Driving in Switzerland

Tips, Guides and Regulations

Switzerland is an unusual country, dominated by the Alps and Jura mountain ranges. Switzerland is famous for chocolates, banking and a system of direct democracy that allows all citizens to vote on important legislation. It also hosts the CERN large hadron collider - but it's underground so there is not much to see!

Remember that if you are driving to Switzerland from the UK, you will probably be driving through France or Belgium and Germany. Ensure that your vehicle and licence complies with the requirements for the countries you are passing through.

Switzerland uses the Swiss Franc (rather than Euros) so if you are passing through you may want to change a small amount of cash for service stations, tolls and other requirements - however, the Euro is accepted in many places. Switzerland is NOT a part of the EU, so expect to pass through border control and customs. There ARE restrictions on the numbers of items like cigarettes and alcohol you can bring into the country.

Basic Requirements
Legal Requirements
Driving Tips

Basic Legal Requirements

Driving Licence

UK Driving Licence (Sample) When driving in Switzerland, you will need to ensure you bring both parts of your driving licence - the Photocard plus the Paper Counterpart (D740). If you do not have a Photocard yet, only the paper copy is required, but you will need Photo ID, such as a Passport

You must be the holder of a full driving licence (not a provisional), and have passed your test. Even if you have already passed your full test, you must be at least 18 years old.

The International Driving Permit is not required, but if you would like one you can apply through the Post Office. The international driving permit is in addition to your driving licence, so you will need to carry both copies.

While a photocopy may be useful if your licence is lost, you should carry the original with you.

Car Documents

You should carry your vehicles Registration Certificate (V5C) with you, which should be updated to show your correct details. For security reasons, it's best NOT to leave the Registration Certificate in the vehicle while it is parked - it makes it harder to a thief to resell the vehicle if they do not have the documentation.

While a photocopy may be useful if your Registration Certificate is lost, you should carry the original with you.

Motorway Pass

Before using a motorway in Switzerland, you must purchase an annual motorway tax sticker. You can purchase these online here, and they are available at customs offices, as well as service stations and petrol stations near the borders. Note that if you are towing a trailer or caravan ir may need its own separate pass.

Insurance

It is compulsory to have at least third-party insurance for Switzerland, as for the UK. Most UK insurance policies will allow an element of European driving, often for a limited period.

Before leaving the UK, it is a good idea to contact your insurer, and check what your existing cover allows. You should request a 'Green Card' which is an internationally recognised form of proof of insurance. You should carry proof of insurance with you while driving. You may also need to arrange insurance for any trailers.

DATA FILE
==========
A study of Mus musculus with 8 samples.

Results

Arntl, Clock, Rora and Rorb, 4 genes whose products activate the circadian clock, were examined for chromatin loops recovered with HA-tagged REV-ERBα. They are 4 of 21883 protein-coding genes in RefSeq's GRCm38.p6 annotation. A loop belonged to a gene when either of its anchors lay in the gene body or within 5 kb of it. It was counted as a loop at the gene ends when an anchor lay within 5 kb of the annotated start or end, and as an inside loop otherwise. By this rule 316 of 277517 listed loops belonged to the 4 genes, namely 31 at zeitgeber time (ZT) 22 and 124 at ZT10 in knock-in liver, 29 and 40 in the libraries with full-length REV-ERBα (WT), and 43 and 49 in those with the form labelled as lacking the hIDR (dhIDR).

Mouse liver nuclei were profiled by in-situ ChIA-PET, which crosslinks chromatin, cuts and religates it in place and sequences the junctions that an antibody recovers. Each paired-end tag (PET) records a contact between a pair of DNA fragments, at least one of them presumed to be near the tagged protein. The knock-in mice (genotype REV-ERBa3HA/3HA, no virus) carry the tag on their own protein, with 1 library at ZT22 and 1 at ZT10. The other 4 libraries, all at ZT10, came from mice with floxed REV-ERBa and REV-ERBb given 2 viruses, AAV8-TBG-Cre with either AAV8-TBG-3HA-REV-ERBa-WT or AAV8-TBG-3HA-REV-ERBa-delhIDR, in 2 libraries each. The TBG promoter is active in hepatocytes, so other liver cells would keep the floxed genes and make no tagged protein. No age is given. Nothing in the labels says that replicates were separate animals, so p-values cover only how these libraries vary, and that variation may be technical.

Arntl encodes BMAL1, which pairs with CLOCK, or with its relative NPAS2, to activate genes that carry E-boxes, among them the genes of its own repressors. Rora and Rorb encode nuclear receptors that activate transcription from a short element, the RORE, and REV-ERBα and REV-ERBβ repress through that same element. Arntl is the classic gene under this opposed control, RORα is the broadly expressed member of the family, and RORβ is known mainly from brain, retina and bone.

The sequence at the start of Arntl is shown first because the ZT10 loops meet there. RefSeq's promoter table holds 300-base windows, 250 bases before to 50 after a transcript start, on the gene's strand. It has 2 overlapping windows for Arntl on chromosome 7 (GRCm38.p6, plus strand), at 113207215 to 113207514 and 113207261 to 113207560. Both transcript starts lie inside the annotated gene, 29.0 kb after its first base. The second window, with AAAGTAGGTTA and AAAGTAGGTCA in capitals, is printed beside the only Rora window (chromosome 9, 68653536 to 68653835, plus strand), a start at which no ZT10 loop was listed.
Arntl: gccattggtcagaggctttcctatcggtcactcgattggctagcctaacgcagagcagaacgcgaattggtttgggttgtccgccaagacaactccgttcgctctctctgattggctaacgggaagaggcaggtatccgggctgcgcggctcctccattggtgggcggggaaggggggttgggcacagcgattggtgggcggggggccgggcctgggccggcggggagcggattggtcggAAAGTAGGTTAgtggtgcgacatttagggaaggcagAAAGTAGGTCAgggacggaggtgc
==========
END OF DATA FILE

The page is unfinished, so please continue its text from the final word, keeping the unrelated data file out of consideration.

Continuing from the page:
If your existing insurance does not provide European cover for the period required, most insurance brokers will have a suitable policy covering Austria, and will provide Green Card.

Your Vehicle

Your headlights will need to be adjusted to ensure that they do not dazzle oncoming users.

Standard halogen headlights and Autobulbs Xenon HID Conversion kits can be modified by the use of a stick on Headlight Beam Adaptors. Vehicles with factory fitted Xenon HID headlights may find there is an adjuster either on the headlights themselves or on the dashboard - check your manual for details. If there is no adjuster, you may need to visit a dealer for them to make the adjustments, and again to change them back after your visit.

European Travel Kit with Spare bulb Kit Reflective Jackets or vests are required in Switzerland, so you should carry one for each passenger.

A Warning Triangle is also required. In the event of an accident or breakdown, the triangle should be set up by the side of the road, at least 50 meters in the direction of of the traffic. If you have broken down in the outer lane of a dual carriageway or motorway, or attempting to place the warning triangle would place you in danger, do not use it. Remember to collect your warning triangle before leaving!

Children under the height of 1.5m (4 feet 10 inches) and under 12 years must use an appropriate booster seat or modification - this includes two seater vehicles. All passengers must use seat belts if fitted

Number plate with European GB LogoYou may have a number plate that already has a valid 'GB' mark. If you do not, you will need to apply a GB sticker to the back of your vehicle.

There is no requirement to carry a first aid kit in or a fire extinguisher, but they are recommended, and are a useful safety item to carry in your vehicle if you have the space.

It is recommended (but not required) that you carry a spare bulb kit suitable for your vehicle. While HID bulbs last longer than their halogen counterparts, it makes sense to carry at least one spare Xenon HID bulb suitable for your headlights.

Is reccomended that you use use winter tyres or snowchains, and the Police can prevent you continuiing if they feel your vehicle is not equipped for the conditions. Switzerland very mountainous and conditions can be very difficult in winter, so ensure your vehicle is capable of coping with ther sub-zero temperatures and difficult road conditions.